The potential for labor force participation Behind the Numbers, July 2014

Participation in the labor force declined substantially after the financial market crash in 2008. Demographics accounted for about half of this decline, but even adjusted for demographics, labor force participation has fallen significantly. In a way, that’s good news. It suggests that there are plenty of unused resources to be put to work as the US recovery finally begins to pick up steam.

Labor force participation reflects demographic changes and the weak labor market



Figure 1. US labor force participation rate

The recession was not the only reason for this decline. The earliest Baby Boomers—the leading edge of a large increase in retirements—turned 62 in 2008. As the portion of the population over 60 years old started to increase, the overall labor force participation rate likely would have declined, even if labor markets had remained healthy. However, this does not account for all of the fall in the labor force. The blue line in figure 1 shows how much the labor force would have declined if participation rates for each cohort remained the same. About half of the 2.7 percent decline in the participation rate was because of demographics—the other half was because people just left the labor force.

Both men and women left the labor force after the 2008 financial crisis. Figure 2 shows labor force participation rates by gender. Labor force participation among women peaked in the 1990s at around 60 percent.  After the recession, the female labor force participation rate fell by about 2 percent. The participation rate for men has been declining for years, but the decline steepened after 2008. Men’s labor force participation fell 3 percent after the financial crisis, but it remains about 10 percentage points above the participation rate for women.

Figure 2. US labor force participation by gender

Older people are working more

There is another twist to this story, however. The participation rate for older Americans has been rising, despite (or perhaps because of) the financial crisis and recession. Figure 3 shows that the growth of labor force participation by older people continued through the recession and slow recovery, even as participation by younger people fell. Older people may stay in the labor force because they are healthier. They may also want to keep working because they are financially unable to retire. Whatever the cause, a larger share of the older population is staying in the labor force.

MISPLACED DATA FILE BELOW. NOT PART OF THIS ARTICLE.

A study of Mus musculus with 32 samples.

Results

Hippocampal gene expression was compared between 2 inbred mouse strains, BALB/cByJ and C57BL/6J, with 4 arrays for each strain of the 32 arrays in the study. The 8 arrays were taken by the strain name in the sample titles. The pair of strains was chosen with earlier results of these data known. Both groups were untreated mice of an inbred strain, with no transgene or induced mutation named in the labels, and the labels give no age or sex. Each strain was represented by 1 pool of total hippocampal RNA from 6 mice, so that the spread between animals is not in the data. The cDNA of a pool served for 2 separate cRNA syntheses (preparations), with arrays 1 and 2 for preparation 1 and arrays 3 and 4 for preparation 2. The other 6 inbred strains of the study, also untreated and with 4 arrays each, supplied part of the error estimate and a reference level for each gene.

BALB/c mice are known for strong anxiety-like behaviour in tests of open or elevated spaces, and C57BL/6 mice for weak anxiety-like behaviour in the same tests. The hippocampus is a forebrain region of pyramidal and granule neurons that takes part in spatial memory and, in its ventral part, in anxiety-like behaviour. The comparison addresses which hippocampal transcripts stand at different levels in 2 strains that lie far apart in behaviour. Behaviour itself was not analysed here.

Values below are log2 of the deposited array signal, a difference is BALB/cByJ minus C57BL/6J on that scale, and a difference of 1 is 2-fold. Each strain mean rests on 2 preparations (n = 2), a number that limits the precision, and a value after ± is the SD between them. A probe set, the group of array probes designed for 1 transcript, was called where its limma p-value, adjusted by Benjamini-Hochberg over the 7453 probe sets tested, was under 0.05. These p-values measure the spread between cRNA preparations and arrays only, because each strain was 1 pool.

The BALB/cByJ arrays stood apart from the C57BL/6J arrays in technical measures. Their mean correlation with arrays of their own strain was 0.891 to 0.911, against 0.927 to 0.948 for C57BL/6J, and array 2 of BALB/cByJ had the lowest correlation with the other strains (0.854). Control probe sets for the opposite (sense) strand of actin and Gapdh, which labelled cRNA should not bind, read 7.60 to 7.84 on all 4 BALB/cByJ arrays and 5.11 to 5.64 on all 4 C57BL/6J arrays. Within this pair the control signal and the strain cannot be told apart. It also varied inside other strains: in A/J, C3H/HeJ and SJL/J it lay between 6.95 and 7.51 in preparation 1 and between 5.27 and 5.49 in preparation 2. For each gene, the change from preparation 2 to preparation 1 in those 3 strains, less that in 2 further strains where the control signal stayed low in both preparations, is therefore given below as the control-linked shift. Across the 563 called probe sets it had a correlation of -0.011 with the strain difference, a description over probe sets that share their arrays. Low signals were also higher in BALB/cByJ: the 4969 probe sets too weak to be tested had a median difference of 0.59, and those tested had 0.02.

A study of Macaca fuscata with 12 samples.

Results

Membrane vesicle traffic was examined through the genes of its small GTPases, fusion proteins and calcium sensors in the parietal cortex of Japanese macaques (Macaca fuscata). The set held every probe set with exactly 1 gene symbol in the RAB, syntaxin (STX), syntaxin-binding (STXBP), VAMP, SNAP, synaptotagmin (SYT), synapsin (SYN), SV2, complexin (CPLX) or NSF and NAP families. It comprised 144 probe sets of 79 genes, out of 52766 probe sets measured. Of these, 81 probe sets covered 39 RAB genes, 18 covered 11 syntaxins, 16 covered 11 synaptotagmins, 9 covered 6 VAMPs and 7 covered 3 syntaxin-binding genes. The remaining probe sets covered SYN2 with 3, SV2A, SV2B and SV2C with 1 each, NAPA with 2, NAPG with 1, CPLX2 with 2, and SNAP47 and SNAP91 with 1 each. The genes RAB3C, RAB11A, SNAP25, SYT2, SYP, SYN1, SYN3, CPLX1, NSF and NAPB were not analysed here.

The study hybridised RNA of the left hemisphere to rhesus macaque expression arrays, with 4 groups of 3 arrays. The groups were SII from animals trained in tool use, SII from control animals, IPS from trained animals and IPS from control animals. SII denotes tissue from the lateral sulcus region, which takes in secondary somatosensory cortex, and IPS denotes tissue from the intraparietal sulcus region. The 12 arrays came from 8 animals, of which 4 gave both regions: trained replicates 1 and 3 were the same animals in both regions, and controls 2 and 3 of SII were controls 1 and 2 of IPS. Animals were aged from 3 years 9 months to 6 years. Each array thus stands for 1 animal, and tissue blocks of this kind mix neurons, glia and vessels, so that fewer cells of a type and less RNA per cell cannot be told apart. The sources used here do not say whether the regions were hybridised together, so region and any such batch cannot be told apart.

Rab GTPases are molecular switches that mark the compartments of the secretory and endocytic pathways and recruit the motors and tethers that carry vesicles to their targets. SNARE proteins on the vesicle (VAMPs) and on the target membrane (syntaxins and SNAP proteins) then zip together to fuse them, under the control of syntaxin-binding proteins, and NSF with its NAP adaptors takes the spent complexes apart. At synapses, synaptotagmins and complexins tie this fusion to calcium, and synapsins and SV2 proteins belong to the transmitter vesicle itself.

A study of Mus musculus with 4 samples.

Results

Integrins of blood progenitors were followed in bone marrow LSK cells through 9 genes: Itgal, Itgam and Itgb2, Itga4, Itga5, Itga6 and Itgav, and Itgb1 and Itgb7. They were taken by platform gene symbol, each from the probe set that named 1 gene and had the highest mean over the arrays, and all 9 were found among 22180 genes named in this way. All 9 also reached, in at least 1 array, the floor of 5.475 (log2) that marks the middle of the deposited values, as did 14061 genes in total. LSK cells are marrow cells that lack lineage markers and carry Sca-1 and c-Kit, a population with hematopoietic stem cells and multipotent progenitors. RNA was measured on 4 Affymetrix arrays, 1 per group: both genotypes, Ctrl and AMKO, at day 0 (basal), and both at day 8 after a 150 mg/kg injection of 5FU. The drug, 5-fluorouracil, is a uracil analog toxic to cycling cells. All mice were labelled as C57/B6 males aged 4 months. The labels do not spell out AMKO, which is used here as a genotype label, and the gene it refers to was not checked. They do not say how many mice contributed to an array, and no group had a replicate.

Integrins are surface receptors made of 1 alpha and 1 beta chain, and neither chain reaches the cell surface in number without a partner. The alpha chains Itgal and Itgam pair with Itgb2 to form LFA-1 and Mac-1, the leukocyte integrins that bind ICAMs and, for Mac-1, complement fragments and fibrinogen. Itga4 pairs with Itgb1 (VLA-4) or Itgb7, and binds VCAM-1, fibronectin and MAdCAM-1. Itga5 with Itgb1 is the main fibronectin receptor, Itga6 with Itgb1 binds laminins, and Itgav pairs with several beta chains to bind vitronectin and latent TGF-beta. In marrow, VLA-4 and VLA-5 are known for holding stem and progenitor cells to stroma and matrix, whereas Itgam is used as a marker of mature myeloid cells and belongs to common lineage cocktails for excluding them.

Figure 3. Labor force participation rate by age

This raises some difficult questions in forecasting the labor market. Several trends are offsetting each other:

  1. Younger workers appear to have dropped out of the labor force because the labor market is weak. They are likely to reenter the labor force when the labor market improves. That could help boost the labor force participation rate in the near term.
  2. On the other hand, as more Baby Boomers reach their 60s, they will likely leave the labor force (older cohorts have lower labor force participation rates). This will result in a declining trend in overall labor force participation.
  3. But the trend toward higher participation by older people might offset some of the decline because of the aging labor force. Thus, the declining trend implied by demographics may overstate what will actually happen.

Two projections of the labor force

I calculated two projections of the labor force through 2020 based on different assumptions. One projection assumes that the younger cohorts return to their 2002–2007 average participation rates. The other projection assumes that younger participation rates remain at their current low levels. In both cases, I assumed that participation rates for people aged 60 and over remain at 2013 levels.

Figure 4. Labor force participation rate projections

Figure 4 compares the two projections. The difference is quite large. If younger cohorts recover to their 2002–2007 participation rates, the US labor force will have over 7 million more workers than if participation rates by cohort remain at current levels. For comparison, calculations from the May 2014 employment release suggest a shortfall of around 1.2 million jobs compared to full employment.1 But that’s not the real level of slack. If participation by cohort is to return to its 2002–2007 level, the economy would need to absorb an additional 7 million workers beyond the 1.2 currently identified as unemployed.

There is no reason to believe that younger cohorts are any less willing to work than previous generations. The experience of the 1990s indicates that when jobs are on offer, people will respond.  That argues for a rise in participation rates once the economy takes off.


  • For policymakers, this means there is plenty of room to err on the side of keeping growth-oriented policy in place. There’s a lot of room for growth in those 7 million younger people who might have stayed in the labor force if there were more jobs.
  • For businesses, there are plenty of workers out there. As the economy picks up steam, businesses will want to figure out how to exploit this hidden labor force before competitors find it.